The Mayans have predicted the end of the world will occur on 21 december 2012. While some believe a cataclysm is going to destroy the universe, others may consider the time of Shiva has come.
For hindus, Shiva is one of the three most important gods. He is worshipped as the destroyer of the universe and the builder of the next one. An indigenous god ( not an Aryan one, he is not mentioned in the Veda, the first “hindu” holy books that have been written something like 3.500-2.500 years ago. But effigies depicting a god looking like Shiva have been found in the ruins of the Indus valley civilization towns, an indigenous culture that existed about 4.000 years ago), he was known as Rudra in his earlier form. In contrast to Vishnu’s reputation as the benevolent creator god, Shiva represents destruction, austerity ( austerities are believed to be a powerful mean to build a new world, cleared of the faults of the last one) and the more malignant forces of life. This divergence has the effect that whereas Vishnu manifested himself through avatars ( the most famous being Rama, Krishna …but also Buddha !), Shiva is represented by different aspects of his own powers ( In hinduism, many gods are worshipped as aspects of Shiva) and that of his consort Parvati.
His religious ancestor, Rudra, was ambiguous, being both benevolent and malevolent, but the latter aspect gradually prevailed. The combination of the ideas of destruction and creation is expressed in his late aspect as Mahadeva, the Supreme Being. In this form, he is frequently represented as the phallic symbol (“linga”) which is worshipped in a Shiva temple. But Shiva is shown in many other forms. Usually represented with 2 or 4 arms, he may have more. He has six arms in his boon giving forms; eight in his destructive forms; twelve in his benign forms;… He has three eyes, the third one ( between the eyebrow) being usually closed, except at the time of destruction of worlds. He wears long hair, supports the Ganga river on his head and the crescent moon on his matted hair. He holds a trident in his hand, is naked except for a tiger skin, besmears himself with ash and is decorated with snakes on his neck and arms. He is fair coloured but have a blue throat because he drunk poison when the ocean was churned by the gods. He holds an axe, a club and a drum. He wears a garland of skulls and is also known as the lord of the cremation grounds. He is the father of Ganesha ( the god who remove obstacles) and Skanda ( the god of war, also known as Kartikeya in south India). His vehicle is a bull called Nandi.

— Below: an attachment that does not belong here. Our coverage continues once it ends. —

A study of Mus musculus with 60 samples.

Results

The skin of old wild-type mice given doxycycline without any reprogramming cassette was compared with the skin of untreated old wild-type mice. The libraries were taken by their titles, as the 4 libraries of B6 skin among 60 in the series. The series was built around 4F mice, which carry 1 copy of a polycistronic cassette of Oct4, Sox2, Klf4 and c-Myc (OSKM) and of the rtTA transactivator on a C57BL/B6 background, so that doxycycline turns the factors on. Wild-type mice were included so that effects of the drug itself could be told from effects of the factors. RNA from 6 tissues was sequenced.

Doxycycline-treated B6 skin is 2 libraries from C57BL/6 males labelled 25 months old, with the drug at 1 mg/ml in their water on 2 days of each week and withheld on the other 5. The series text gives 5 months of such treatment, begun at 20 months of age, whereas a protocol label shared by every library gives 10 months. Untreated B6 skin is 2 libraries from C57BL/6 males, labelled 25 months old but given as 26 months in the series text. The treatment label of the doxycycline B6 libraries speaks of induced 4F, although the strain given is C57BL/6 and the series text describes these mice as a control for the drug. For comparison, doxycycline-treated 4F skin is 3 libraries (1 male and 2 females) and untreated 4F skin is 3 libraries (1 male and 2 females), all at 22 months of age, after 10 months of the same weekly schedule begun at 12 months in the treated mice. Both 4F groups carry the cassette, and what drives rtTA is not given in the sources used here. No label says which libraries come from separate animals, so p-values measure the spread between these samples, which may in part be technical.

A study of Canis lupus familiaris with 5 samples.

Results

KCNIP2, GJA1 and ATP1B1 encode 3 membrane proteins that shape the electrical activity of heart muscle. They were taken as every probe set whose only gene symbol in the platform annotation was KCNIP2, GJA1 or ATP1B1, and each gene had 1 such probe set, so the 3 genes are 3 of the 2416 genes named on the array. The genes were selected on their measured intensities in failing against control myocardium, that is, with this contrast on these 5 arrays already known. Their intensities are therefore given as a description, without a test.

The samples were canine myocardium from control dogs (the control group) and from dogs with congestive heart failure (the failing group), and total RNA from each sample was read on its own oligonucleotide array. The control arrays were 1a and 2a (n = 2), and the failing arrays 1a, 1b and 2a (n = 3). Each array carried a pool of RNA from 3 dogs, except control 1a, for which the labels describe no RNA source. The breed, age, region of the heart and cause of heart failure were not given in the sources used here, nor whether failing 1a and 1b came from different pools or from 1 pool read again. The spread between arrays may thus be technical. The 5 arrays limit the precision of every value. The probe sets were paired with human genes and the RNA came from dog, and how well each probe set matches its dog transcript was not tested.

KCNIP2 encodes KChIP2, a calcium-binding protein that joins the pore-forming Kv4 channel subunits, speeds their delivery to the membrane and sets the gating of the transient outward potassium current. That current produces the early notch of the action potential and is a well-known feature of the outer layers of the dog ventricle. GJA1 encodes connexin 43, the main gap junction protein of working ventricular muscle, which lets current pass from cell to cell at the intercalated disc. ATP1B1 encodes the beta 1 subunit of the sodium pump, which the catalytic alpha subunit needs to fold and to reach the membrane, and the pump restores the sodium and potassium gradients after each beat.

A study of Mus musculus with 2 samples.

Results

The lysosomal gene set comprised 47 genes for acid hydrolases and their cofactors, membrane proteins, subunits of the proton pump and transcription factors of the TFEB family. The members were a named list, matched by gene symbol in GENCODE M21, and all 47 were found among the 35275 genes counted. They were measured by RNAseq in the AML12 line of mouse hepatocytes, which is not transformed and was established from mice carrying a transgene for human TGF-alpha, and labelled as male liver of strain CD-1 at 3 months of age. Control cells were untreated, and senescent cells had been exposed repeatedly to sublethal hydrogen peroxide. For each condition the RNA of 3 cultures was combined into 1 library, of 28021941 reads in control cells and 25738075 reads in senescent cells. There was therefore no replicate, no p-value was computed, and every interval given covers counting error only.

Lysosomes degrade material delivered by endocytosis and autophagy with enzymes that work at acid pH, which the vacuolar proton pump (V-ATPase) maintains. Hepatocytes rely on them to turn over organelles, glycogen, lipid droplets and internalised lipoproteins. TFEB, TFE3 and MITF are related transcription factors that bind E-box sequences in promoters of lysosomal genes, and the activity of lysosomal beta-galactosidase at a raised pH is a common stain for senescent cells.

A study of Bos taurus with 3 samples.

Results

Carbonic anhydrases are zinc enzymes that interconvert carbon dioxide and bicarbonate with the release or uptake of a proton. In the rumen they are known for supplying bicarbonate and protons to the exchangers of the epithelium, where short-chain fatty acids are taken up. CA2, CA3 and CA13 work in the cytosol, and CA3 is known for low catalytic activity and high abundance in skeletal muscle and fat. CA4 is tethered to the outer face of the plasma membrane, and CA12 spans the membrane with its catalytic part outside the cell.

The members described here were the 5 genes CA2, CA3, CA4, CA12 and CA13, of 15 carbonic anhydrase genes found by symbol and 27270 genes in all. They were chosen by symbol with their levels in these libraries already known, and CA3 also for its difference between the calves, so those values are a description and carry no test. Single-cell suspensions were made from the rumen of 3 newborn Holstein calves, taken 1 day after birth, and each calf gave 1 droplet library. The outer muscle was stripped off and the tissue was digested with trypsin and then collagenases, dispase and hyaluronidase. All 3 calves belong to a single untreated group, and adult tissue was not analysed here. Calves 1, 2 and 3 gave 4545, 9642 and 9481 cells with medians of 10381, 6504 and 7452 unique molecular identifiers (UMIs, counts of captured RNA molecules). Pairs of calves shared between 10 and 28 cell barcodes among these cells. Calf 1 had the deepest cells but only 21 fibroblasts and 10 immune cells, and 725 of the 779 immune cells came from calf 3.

Sometimes, he is represented dancing. In such a case, his name is Nataraja. The symbolism of the dance can be interpreted in many ways. It may show Shiva as the moving force of the universe and his five acts of creation, preservation, destruction, embodiment and release ( of the human souls from illusion). Sometimes also, he is worshipped as the god of asceticism. He is depicted using a human skull to beg his food. Since a few millenniums, even before Buddha’s time, errant ascetics have travelled throughout India. Famous masters like Mahavira, Gosala,…were ascetics who used to expose their views to the local populations. Asceticism was then the most transcendent form of religious life ; it seems it has prepared the emergence of a new ethic. Indeed, the Buddha has been an errant ascetic too before been enlightened under the Bodhi tree.